Teaching Supply & Demand
You demand. Shmoop supplies.
Supply and demand seems easy enough. If there's demand for a product or service, someone will supply it. But of course, it's a little more complicated than that, and we can help you explain it.
In this guide you will find
- a graphing activity on supply and demand curves.
- an activity on price elasticity that won't stretch your limits.
- discussion questions exploring today's competitive tech marketplace.
You demanded a teaching guide. We supplied it.
What's Inside Shmoop's Economics Teaching Guides
Shmoop is a labor of love from folks who love to teach. Our teaching guides will help you supplement in-classroom learning with fun, engaging, and relatable learning materials that bring economics to life.
Inside each guide you'll find quizzes, activity ideas, discussion questions, and more—all written by experts and designed to save you time. Here are the deets on what you get with your teaching guide:
- 3-5 activities to complete in class with your students, with detailed instructions for you and your students.
- Discussion and essay questions for all levels of students.
- Reading quizzes to be sure students are looking at the material through various lenses.
- Resources to help make the topic feel more relevant to your 21st-century students.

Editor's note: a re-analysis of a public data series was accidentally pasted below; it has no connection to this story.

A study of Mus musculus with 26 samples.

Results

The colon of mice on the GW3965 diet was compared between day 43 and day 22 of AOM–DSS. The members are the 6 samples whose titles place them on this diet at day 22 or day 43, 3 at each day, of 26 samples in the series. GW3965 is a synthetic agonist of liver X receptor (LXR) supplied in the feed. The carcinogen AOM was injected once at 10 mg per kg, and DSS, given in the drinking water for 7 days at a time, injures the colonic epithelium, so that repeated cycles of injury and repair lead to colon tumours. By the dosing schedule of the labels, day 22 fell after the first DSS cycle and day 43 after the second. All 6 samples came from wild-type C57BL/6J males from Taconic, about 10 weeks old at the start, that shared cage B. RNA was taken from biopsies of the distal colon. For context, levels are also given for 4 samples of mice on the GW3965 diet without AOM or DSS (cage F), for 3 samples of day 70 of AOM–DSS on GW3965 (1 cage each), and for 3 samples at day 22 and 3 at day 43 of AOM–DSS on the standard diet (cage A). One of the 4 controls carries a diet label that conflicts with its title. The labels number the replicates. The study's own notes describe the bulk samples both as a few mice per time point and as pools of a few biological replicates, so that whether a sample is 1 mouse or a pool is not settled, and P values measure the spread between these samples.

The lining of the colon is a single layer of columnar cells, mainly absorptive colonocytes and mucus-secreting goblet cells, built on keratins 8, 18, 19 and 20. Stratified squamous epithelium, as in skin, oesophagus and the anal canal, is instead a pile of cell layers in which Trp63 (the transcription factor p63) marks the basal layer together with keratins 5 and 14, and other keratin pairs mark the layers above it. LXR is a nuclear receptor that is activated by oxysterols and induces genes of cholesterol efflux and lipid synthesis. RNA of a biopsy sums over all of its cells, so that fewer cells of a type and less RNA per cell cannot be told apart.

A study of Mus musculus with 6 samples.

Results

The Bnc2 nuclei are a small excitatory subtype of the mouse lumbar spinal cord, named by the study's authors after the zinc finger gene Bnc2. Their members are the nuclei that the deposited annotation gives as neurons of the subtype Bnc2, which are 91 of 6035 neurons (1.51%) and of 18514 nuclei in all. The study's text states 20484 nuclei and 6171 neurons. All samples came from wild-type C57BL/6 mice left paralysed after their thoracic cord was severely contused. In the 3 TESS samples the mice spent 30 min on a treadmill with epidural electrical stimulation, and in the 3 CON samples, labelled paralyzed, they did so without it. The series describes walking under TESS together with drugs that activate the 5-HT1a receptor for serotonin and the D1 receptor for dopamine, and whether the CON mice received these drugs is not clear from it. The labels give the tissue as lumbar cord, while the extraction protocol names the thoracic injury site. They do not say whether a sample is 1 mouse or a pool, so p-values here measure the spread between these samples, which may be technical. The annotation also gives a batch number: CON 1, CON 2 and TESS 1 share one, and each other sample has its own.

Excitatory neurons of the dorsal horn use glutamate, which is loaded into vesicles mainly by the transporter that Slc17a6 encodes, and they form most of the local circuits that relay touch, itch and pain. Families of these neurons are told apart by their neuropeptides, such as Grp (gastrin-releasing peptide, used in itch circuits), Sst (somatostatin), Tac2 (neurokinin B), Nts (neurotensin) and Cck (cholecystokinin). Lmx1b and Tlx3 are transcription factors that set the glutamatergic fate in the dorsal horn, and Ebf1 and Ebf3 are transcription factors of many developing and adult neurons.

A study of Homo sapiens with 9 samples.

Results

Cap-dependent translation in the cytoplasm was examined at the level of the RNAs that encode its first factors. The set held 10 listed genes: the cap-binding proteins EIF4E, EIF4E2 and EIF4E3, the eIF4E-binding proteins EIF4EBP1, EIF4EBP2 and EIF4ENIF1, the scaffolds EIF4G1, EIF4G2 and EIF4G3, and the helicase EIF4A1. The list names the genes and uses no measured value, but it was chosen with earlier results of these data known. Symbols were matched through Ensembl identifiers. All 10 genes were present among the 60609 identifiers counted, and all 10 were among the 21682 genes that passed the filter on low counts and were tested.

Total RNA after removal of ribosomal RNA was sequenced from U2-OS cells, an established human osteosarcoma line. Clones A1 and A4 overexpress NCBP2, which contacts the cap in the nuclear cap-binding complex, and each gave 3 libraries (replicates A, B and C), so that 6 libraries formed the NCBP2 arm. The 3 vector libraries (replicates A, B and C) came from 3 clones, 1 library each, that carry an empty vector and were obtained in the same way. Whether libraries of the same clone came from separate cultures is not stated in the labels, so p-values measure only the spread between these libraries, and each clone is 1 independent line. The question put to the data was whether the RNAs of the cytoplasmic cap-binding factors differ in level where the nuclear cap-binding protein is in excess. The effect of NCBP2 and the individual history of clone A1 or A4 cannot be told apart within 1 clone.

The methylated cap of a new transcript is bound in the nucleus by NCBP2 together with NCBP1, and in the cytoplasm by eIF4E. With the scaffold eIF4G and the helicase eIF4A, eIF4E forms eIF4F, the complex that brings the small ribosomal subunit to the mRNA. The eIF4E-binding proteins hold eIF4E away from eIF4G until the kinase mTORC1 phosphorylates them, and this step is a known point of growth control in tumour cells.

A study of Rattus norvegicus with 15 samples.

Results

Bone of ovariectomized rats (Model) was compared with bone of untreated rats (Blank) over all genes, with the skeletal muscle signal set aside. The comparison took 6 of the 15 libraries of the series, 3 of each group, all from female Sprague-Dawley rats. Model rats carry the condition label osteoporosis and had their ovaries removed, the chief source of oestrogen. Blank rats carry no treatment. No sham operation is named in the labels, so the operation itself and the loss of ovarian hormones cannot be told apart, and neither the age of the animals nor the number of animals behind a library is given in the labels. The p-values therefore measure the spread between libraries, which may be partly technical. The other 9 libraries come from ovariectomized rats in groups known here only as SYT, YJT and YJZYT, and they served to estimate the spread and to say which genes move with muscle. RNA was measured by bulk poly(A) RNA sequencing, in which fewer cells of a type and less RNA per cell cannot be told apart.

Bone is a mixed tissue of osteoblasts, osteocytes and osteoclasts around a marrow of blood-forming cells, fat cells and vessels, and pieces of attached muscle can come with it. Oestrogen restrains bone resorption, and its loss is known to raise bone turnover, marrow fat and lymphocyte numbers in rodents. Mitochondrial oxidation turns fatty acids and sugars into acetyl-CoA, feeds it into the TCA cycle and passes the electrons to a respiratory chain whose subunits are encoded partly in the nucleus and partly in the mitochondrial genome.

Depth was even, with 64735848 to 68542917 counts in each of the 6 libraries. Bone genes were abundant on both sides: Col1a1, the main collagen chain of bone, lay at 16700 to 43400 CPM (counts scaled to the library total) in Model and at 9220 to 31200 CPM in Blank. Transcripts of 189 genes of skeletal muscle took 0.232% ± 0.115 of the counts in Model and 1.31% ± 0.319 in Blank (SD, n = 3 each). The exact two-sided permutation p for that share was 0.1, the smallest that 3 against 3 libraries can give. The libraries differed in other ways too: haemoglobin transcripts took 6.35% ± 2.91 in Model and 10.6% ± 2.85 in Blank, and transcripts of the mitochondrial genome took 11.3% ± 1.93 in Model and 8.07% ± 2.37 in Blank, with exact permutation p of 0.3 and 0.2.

- A note from Shmoop's teachers to you, telling you what to expect from teaching the topic and how you can overcome the hurdles.
Instructions for You
1. Review the concepts of price elasticity and inelasticity of demand. Remind students of the benefits of identifying products with inelastic demand.
2. Break your students into groups and ask them to identify or develop a product or service with inelastic demand. You might want to take the products mentioned in the reading off the table (milk, medicine, matches, salt, and gasoline).
3. Ask each group to present its product or service and explain why its demand is inelastic.
4. Have the groups prepare to defend the superiority of their product by showing the actual elasticity of demand for the other groups' products. Suggest that they review the factors influencing demand: the availability of substitutes, the price of complementary goods, shifting consumer tastes, and changes in income. Also, remind students that demand for some goods becomes more elastic over time as people respond to rising prices.
5. Ask each group to present its case against the other groups' products. Following this you have a few options.
- You can establish a scoring system and declare a winning group.
- You can ask the groups to generate a list of "rules for producing goods with inelastic demand."
- You can ask the groups to incorporate the critiques of their product into a new and improved product with even greater inelasticity of demand.
Instructions for Your Students
Imagine two stores. One sells high-end waffle irons and discount jewelry. The other sells the only water available in a fifty-mile radius. Which store will have people coming through the door even if prices skyrocket, and why?
If you are thinking of getting involved in business, you might consider providing a good or service that people cannot do without—even if the price rises. Economists refer to this trait as inelasticity of demand. In contrast, goods that lose much of their appeal when their prices rise have "elastic" demand.
Get ready to join forces with your peers in pursuit of the perfect product.